A federal marijuana impairment report has cast a shadow of doubt over the THC testing methods and regulations used by law enforcement officers in America, citing the inability to detect THC impairment from biological test samples and the worthlessness of establishing a “per se” limit to designate THC impairment in drivers.
The National Highway Traffic Safety Administration prepared the report as required by a section of the Fixing America’s Surface Transportation Act signed by former President Barack Obama while he was still in office.
According to the NHTSA report, “the consistent finding is that the level of THC in the blood and the degree of impairment do not appear to be closely related.” This echoes the results of AAA’s study from last year.
Beyond blood tests, the NHTSA report found that a positive oral fluid test does not distinguish between personal marijuana use and environmental exposure and that positive tests for urine, sweat and hair do not count as evidence of THC impairment because they’re incapable of proving impairment at the time of driving.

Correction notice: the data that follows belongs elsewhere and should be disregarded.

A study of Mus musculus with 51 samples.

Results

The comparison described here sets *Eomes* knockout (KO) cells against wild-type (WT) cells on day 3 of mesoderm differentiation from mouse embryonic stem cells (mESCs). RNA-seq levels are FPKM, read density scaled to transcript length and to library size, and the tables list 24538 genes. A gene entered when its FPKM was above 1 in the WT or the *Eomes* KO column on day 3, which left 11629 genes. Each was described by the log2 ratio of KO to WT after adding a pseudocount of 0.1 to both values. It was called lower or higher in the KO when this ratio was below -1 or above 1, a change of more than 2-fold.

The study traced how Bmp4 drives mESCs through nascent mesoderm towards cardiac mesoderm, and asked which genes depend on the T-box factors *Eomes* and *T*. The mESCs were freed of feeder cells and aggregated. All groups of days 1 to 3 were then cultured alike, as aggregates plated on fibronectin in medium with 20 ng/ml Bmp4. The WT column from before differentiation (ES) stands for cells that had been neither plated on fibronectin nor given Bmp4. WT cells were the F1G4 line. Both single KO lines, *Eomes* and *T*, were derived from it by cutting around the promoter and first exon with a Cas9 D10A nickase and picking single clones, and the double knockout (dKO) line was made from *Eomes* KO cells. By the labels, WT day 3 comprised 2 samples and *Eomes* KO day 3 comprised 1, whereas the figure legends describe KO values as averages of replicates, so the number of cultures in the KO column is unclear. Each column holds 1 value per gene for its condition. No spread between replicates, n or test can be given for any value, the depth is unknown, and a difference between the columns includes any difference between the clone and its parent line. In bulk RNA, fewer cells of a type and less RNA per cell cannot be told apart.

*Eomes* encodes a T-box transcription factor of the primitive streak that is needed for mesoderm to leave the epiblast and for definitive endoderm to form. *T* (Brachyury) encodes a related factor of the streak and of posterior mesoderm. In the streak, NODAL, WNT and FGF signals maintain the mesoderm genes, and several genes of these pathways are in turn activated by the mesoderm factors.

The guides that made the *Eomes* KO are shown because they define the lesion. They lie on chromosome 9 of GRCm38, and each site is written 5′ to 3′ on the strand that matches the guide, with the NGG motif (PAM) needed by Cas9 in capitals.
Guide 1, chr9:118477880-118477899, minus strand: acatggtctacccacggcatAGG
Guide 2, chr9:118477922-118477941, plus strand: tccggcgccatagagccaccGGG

Even though the level of THC in a user’s blood hasn’t been found to correspond with the degree of impairment, some states have enacted per se limits so that drivers who test above the state-legal THC limit can be charged with driving under the influence, whether or not they’re actually impaired.
The federal marijuana impairment report recommends improving detection and training methods so law enforcement officers can more accurately assess marijuana impairment as well as establishing an impairment standard for driving under the influence of marijuana.
The report also recommends encouraging states to collect relevant data on marijuana use by drivers and those arrested for impaired driving. The NHTSA previously collected such data, but a 2016 appropriations act prohibited the NHTSA from using FY 2016 funds to conduct roadside surveys on alcohol and drug use.